The 6 Best Budget Microphones Under $100

Want to record your audio course, but don't want to break the bank on a microphone? No worries! This article offers 6 high-quality microphones that will have your audience thinking you recorded your course in a professional studio.

If you’re going to spend money on anything for your audio course, buy a good microphone. For starters, it will save you the hassle of having to edit out the annoying hissing sound your fridge makes in the background every time. Also, higher quality audio also makes it easier for the audience to follow along with and maintain interest. If you're audience is trying to focus all of their attention on just hearing you, they will miss the words and concepts you're trying to portray.

At the end of the day, it saves you time. You will spend less time editing the nitpicky extras and instead will have more time available to create engaging courses that challenge your students’ way of thinking. 

Questions to ask yourself:

1. How will you be recording your course? Will you be stationary, aka in the same spot recording every time, or will you be interviewing people? Do you want a standalone mic or one you can attach to an arm? 

2. What are you willing to spend on a microphone? The good thing about the technology right now is that there are some great options in the market that are budget-friendly. Forget trying to record with your computer audio or with the ones built into your headphones on. It's worth the investment if you care about the course you want to create.

3. Do you want to be able to just plug your microphone into your mac or PC for it to work?

4. Will you be recording any musicians?

What to know before buying a microphone:

What’s the difference between cardioid and omnidirectional microphones?

Cardioid microphones are best used in situations in which one person is speaking directly into the microphone, with little movement. The pickup pattern is more up and down for these microphones, instead of spherical. Omnidirectional microphones on the other hand are better for groups or moving around since the microphones have a spherical pickup pattern. The downside to omnidirectional is that it will pickup up wanted background noise easier, due to the nature of the pickup pattern. 

Do you need a pop filter?

For starters, a pop filter is an attachment you can purchase on sites such as Sweetwater to place in front of your microphone. The filter reduces the amount of air entering the microphone from your mouth by dispersing it so the sound is not as harsh in the recording. Whether or not you need one is more of personal preference. If you would like one to save time on editing and have better quality audio, go for it. If you don’t want to spend the money, don’t worry about it. 

Pro-tip to reduce the “pop” noise without a pop filter: push the mic a little further away from you so the air when you speak has further to travel. This will naturally reduce the amount of force the air reaches the microphone with. 

What is a condenser microphone?

Otherwise known as “capacitor microphones” by the English, these microphones are made up of two metal-surfaced plates placed very close to each other. The name stems from a capacitor that is typically referred to in the physics as two metal plates that are in close proximity to one another; the higher capacitance the closer they are. The diaphragm (also referred to as the membrane) of the microphone is electrically conductive and moves back and forth when the sound waves hit it. External power is required from a computer or other power source because the condenser produces little to no current since there’s not much energy stored in the capacitor.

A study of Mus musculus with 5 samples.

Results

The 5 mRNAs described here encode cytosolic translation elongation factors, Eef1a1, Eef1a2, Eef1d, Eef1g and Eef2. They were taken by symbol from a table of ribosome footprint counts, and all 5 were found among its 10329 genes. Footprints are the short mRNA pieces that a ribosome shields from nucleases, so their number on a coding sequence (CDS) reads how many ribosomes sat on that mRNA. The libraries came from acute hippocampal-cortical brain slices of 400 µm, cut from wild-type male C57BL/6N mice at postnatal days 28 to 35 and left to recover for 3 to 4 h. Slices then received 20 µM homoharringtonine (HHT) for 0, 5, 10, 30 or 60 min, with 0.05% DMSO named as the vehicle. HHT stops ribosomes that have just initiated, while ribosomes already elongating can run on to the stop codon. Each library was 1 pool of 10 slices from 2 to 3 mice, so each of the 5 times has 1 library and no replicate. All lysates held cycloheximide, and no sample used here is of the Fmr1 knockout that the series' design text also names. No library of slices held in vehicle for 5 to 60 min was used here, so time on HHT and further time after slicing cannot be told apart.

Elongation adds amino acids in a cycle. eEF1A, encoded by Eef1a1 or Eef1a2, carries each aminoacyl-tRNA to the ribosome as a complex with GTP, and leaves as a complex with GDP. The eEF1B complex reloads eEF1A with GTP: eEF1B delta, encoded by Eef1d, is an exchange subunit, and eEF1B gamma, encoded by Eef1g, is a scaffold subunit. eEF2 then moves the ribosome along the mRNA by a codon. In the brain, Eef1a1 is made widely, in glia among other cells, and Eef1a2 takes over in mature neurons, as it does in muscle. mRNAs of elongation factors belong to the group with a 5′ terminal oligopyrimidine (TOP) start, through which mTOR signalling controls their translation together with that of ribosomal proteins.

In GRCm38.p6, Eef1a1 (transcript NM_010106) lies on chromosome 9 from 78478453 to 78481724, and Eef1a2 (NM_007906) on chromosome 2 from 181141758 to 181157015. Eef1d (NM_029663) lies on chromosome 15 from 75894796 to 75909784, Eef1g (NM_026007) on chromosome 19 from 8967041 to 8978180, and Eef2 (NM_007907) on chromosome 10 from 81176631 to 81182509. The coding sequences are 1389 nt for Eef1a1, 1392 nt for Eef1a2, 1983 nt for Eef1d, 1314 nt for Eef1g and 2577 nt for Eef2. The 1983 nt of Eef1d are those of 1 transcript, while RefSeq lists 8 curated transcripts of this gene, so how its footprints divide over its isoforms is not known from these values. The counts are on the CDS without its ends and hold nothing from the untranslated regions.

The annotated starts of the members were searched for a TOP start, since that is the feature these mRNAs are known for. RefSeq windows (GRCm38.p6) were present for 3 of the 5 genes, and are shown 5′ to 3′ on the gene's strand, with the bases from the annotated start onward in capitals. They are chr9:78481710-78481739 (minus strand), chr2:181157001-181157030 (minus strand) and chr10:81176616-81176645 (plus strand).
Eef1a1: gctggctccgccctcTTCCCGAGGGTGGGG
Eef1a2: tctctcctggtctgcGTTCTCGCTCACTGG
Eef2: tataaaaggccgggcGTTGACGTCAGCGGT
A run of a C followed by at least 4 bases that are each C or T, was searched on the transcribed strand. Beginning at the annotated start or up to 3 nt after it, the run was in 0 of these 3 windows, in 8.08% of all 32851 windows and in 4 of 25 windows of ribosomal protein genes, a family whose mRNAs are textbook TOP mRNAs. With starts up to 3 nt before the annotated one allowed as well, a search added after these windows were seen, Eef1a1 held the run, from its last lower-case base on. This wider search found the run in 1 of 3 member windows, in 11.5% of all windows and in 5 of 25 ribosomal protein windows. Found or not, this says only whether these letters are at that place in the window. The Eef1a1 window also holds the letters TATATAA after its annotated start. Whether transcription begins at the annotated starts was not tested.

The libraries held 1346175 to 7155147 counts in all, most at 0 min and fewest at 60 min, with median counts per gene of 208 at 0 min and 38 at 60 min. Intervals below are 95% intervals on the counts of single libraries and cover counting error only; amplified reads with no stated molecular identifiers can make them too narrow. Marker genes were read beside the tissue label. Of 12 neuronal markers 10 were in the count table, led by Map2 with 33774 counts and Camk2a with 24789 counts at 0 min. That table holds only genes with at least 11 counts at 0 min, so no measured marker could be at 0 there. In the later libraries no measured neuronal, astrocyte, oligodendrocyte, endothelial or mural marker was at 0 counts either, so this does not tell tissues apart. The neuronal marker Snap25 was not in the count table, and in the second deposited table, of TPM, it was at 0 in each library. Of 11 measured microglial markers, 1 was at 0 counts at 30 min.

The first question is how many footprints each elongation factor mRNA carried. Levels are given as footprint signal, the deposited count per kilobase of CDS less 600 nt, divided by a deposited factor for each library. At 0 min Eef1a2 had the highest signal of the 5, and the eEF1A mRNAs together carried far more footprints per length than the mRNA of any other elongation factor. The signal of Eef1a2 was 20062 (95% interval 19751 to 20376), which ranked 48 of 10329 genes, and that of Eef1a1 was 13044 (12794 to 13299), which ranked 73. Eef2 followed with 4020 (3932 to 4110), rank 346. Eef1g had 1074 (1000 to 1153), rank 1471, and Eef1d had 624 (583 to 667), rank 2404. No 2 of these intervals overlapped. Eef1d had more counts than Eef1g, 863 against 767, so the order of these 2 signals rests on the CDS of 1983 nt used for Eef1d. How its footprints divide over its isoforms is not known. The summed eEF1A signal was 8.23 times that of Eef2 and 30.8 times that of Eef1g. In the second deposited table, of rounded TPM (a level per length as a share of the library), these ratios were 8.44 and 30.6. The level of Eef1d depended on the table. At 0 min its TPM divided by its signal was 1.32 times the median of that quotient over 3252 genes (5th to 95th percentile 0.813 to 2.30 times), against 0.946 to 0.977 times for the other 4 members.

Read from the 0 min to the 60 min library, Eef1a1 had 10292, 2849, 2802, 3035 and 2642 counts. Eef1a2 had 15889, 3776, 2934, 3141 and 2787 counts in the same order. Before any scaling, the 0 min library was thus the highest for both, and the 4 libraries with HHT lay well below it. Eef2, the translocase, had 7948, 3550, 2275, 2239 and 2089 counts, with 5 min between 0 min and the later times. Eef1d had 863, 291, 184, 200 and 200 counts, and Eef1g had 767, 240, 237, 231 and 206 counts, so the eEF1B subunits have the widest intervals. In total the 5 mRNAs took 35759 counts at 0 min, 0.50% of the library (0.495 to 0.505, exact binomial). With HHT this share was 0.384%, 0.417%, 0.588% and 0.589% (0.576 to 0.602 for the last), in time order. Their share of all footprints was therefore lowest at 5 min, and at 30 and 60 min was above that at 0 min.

Condenser microphones have a superior transient response and can follow sound waves more accurately because of the low-mass diaphragm. An example would be that they are more sensitive to both higher and lower noises. The sound from banging on drums and the picking of a guitar on a condenser mic would be better interpreted rather than on a coil microphone. Keep in mind though, price and quality do matter. When deciding on a microphone, make sure your condenser mic of choice reduces the background noise and hisses or it might be better to use a coil microphone. 

XLR vs USB

When you buy a microphone it is important to keep note of the type of connection it has. A USB microphone can be plugged directly into your computer's USB port. If needed you can buy a dual adapter to accommodate for the limited USB ports on your computer and the number of microphones you're using. XLR microphones are the standard for radio and music shows since the audio has more balanced noise levels. If choosing to go the route of using an XLR microphone you will need an audio interface or mixer for your computer to see the microphone. Mixers can go for as little as $40-50 for a decent one or up to over $200, depending on what you want to spend and the quality you want.

Audio-Technica AT2020 $99.99
  • Frequency: 20Hz - 20KHz 
  • Cardioid pattern only
  • USB output
sE Electronics X1 A Large-diaphragm Condenser Microphone $99.99
  • Frequency: 20Hz - 20KHz 
  • Cardioid pattern only
  • Mac and PC compatible (USB)
Blue Yeti Nano $99.99
  • Frequency: high-quality 24-bit/48kHz recording
  • Cardioid and Omni pickup patterns
  • Mac and PC compatible (USB)
Blue Snowball $69.99
  • Frequency: 40 –18 kHz
  • Cardioid or omnidirectional pickup patterns
  • Mac and PC Compatible (USB)
Behringer C-1U $93
  • Frequency: 40 Hz - 20 kHz
  • Cardioid pattern only
  • XLR connector (not USB)
Tonor Q9 $69.99
  • Frequency: 20Hz - 20KHz 
  • Cardioid pattern only
  • Mac and PC compatible (USB)

Start building your Avocado Audio course

After ordering your microphone, you are ready to start planning what you're going to teach. Check out our article, How to Find a Wildly Profitable Online Course Topic article for ideas on where to start!